By Todd Smith

Is Louisville a music mecca? It depends on who you ask.

Playboy magazine says yes, our beloved editor says yes, Puckett says sort of. Ask Louisville musicians and you get a wide variety of responses, ranging from "hell, yes" to "hell, no."

So, who is right? Who gets to decide? Is the title a reflection of the reality, an observation of what is; or is it the false impression of an outsider? And what does it take to be a music mecca? A vibrant club scene, with lots of bands playing every night, or a flourishing original scene, with lots of bands getting deals and selling records?

Well, I've never been one to run from a good debate, so forgive me, but I just can't stop myself from adding another opinion into the mix.

When I think of a "mecca," I think of a place to which the multitudes are drawn. I think of thousands of Muslims tracking across the desert toward the divine city; the hub, the headquarters, the epicenter of all activity.

When I think of a "music mecca," I think of a place to which the musicians are drawn. I think of thousands of musicians tracking across the country in beat-up vans toward the music city; the hub, the headquarters, the epicenter of all activity.

Is Louisville such a city? Well, I-65 is not very clogged with beat-up vans full of musicians on their way in. New York? Yes. Nashville and Los Angeles? Undeniably. But Louisville… I don't think so.

I think the title "music mecca" is a bit over the top, if not simply premature, for what Louisville is. Oh, it's tempting to accept it and be proud of it, and no one would be happier than me if it were true. But can we honestly compare Louisville's scene to that of New York or Nashville? In Nashville, there is a studio, a music publishing house, or a songwriter on every street corner.

I think my issue is really just with the word, "mecca," with the definitions and implications it carries. I don't think that label is appropriate for Louisville, but does not a city, called by any other name, have just as many great bands?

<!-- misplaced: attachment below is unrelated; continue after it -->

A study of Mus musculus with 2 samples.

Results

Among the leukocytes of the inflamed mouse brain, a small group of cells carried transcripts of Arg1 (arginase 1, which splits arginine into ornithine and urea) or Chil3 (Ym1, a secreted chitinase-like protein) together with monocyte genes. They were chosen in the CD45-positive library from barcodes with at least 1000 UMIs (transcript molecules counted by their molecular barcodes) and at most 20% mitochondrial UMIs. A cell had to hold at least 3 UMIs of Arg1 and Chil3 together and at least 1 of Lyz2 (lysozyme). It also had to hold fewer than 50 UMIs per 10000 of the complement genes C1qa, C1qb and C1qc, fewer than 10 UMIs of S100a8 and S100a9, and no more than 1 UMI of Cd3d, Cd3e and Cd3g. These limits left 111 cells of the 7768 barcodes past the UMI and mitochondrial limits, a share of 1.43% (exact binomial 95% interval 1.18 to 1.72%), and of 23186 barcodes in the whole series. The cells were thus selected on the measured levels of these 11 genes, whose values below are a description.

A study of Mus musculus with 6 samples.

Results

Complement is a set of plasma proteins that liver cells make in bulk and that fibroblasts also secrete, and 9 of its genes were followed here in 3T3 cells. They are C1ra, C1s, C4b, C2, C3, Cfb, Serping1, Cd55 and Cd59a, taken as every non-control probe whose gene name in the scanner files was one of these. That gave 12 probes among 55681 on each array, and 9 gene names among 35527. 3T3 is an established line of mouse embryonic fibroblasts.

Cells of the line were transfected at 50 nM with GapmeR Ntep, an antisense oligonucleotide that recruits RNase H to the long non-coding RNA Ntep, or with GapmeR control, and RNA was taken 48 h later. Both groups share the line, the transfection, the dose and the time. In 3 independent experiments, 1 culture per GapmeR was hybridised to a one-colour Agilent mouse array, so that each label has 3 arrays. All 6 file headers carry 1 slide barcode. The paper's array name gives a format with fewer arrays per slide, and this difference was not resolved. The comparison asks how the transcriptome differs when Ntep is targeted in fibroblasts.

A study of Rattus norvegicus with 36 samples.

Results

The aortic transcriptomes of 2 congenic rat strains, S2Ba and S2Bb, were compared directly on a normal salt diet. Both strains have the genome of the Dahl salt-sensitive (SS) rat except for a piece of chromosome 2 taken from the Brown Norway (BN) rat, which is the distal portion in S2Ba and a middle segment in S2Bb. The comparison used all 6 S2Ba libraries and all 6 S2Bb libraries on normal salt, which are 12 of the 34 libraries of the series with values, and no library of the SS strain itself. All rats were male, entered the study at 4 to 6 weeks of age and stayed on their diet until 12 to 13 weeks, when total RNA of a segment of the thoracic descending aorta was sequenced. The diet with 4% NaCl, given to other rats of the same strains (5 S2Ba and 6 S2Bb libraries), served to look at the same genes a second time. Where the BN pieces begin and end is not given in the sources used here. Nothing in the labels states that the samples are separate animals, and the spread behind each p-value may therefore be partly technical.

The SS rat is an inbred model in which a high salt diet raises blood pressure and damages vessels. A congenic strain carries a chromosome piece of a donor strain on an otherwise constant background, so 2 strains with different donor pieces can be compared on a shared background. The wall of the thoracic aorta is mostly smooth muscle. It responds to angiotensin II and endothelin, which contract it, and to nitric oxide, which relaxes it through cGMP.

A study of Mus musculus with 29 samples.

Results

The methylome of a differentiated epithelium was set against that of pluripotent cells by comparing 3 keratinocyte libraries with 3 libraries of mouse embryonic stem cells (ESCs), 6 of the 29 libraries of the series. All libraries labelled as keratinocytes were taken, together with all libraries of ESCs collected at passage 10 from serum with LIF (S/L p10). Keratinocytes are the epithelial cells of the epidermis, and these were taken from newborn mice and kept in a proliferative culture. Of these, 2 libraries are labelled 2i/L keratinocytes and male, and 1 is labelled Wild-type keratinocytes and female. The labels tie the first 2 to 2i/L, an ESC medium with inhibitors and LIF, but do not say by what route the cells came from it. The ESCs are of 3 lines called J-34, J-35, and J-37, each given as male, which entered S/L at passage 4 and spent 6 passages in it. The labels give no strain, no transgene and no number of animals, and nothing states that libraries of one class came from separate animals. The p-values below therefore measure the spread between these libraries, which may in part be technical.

How about, "industry hotspot?" Now, we're talking about Louisville. I would place us much more among the ranks of a Seattle than a Nashville. There has never been as much industry attention on our town as there is right now.

But the "hotspot" is an illusion, a window of perception on the part of the music industry. It is the romantic impression that there is "something in the water down there" that somehow makes the musicians better than the musicians in other places.

But when you think about it, why would one city have a higher ratio of great musicians to normal people than any other city of the same size? And why would Louisville have more viable artists now than in the past? Some of our best artists have been around for years; the industry is only now opening to them.

The hotspot mentality also seems to restrict its town to one type of music, as if it was incapable of producing anything else. Athens made college rock, Minneapolis made dance and R&B, and of course Seattle made grunge. But we make it all: rock, R&B, hardcore, country. Louisville is impossible to pin down, and hopefully that will set us apart from any other hotspot that flashes bright then fades away.

Louisville is and always has been a great place for music, it's just that now the rest of the world is finding out, thanks to Days of the New. So who cares what you call it; let's just keep making great music now that we have some attention, so that in five years the industry is not looking for "the next Louisville."

Who knows, if we keep working hard, maybe someday we will be a real live music mecca, and there will be a songwriter on every street corner, and musicians will come from far away in beat-up vans to be here.